Photo courtesy 420 Games
One of the biggest blows to the credibility of cannabis users is the stereotype that they are all nothing but lazy stoners. The image is clear in dissenters’ minds: a bummed out person sprawled out on a couch, hitting a bong, watching cartoons and devouring all of the snack foods and pizza in sight. Thankfully, as the new era of cannabis legalization spreads across the country, cannabis users are becoming increasingly more aware of the fact that this image is not only incorrect, but damaging to the image of cannabis use as a whole.
Now, this image is about to get turned on its head thanks to the 420 Games, a multi-city fitness event taking place in cities across the nation in states where marijuana is legal. The event, cosponsored by the popular medical marijuana dispensary locater Weedmaps and Harborside Health Center, will feature a number of cannabis themed physical events to prove that the predetermined image of the “lazy stoner” is nothing but a misconception caused by years of damaging propaganda movements.
Jim McAlpine, the founder of the event and an executive businessman for the McAlpine snowboarding company, is out to prove that cannabis use and physical fitness don’t have to be two different worlds incapable of commingling.
“We’re coming off of decades of negative propaganda stigmatizing cannabis use,” McAlpine said in an interview with a local paper. “We’ve all been lied to, it’s a bad rap and we need to change the dialogue. There are millions of people who use marijuana in effective, healthy and productive ways. We plan to show this to the world via athletic achievement.”
Thel 420 Games will be take place across the country in San Jose, Lake Tahoe, San Francisco, Orange County, Boulder and Seattle. Each day will begin with a 5k run, which normally spans about 3.1 miles. But in celebration of the cannabis theme, the runs have been extended to 4.20 miles. The organizers say that “this ‘go the extra mile’ mentality will show cannabis users are motivated, successful and athletic members of society.”
On top of the fun run, the events for the games include a stand-up paddle board race in Lake Tahoe, a 26-mile cruiser bicycle race in Orange County, mountain bike races, triathlons, obstacle courses, golf tournaments and various other physical events that would make any fitness buff giddy as a schoolgirl.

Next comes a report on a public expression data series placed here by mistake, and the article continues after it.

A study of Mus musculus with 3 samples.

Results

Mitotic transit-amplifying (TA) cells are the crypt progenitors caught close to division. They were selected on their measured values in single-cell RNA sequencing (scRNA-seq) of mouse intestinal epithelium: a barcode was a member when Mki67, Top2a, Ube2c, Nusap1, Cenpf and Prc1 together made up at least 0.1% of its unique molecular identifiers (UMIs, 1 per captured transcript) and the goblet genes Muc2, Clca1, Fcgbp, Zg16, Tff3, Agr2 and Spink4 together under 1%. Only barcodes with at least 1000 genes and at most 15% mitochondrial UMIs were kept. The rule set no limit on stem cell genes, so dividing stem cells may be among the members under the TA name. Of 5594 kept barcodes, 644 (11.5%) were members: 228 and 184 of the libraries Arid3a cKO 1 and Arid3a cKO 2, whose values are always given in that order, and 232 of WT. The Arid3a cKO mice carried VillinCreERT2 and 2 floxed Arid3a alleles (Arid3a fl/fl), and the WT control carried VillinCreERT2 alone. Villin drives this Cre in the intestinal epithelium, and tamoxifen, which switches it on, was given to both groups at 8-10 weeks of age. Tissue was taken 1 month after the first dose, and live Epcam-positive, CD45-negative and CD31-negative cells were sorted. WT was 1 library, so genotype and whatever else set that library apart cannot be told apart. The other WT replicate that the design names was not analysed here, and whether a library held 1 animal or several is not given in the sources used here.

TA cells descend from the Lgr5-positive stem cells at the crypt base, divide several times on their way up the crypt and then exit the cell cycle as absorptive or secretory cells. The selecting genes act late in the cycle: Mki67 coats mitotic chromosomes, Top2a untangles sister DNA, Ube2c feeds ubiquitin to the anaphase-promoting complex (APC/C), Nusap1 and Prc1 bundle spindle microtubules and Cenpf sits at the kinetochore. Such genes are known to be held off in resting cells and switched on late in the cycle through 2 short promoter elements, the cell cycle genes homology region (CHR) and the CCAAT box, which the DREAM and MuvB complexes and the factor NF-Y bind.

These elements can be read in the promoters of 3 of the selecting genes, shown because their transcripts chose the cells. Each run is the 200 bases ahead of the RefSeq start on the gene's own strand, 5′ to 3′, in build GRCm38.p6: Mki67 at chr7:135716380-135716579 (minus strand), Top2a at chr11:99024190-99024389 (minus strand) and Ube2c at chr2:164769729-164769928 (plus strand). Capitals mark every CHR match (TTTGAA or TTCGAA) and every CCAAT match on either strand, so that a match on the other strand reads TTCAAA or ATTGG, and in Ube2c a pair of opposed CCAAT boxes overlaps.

The 420 Games had a small trial run last year in San Francisco, where the event was such a success that fans flooded the social media sites demanding for a repeat this year. And the organizers have catered to their fans wants: this year, the fans and participants will be able to use social media platforms to vote which event will be next during the games, giving them the power to make the responsible decisions that the games are attempting to advocate for.
Despite the cannabis-fueled theme surrounding the games, the organizers of the events are not encouraging cannabis use throughout the events. The disclaimer for the Games reads: “The 420 Games does not advocate that everyone should use cannabis. We are focused on teaching those who choose to do so how to be healthy and responsible. We are also focused on education and prevention for those who should not use cannabis, most importantly minors. We do not endorse the illegal or irresponsible use of cannabis.”
Overall, the message seems clear and uplifting for the cannabis user community: support the legal rights of cannabis users to safely and responsibly enjoy cannabis use for recreational and medical purpose, while destroying old stereotypes that are damaging the image of cannabis users nationwide.
If you like to get outside and get physical while still supporting a fantastic cause, try your hands at the 420 Games and show the dissenters that you can be physically fit and use cannabis at the same time.
A full list of the 420 Games events can be found here.
Would you compete in the 420 Games? Tell us about it in the comments.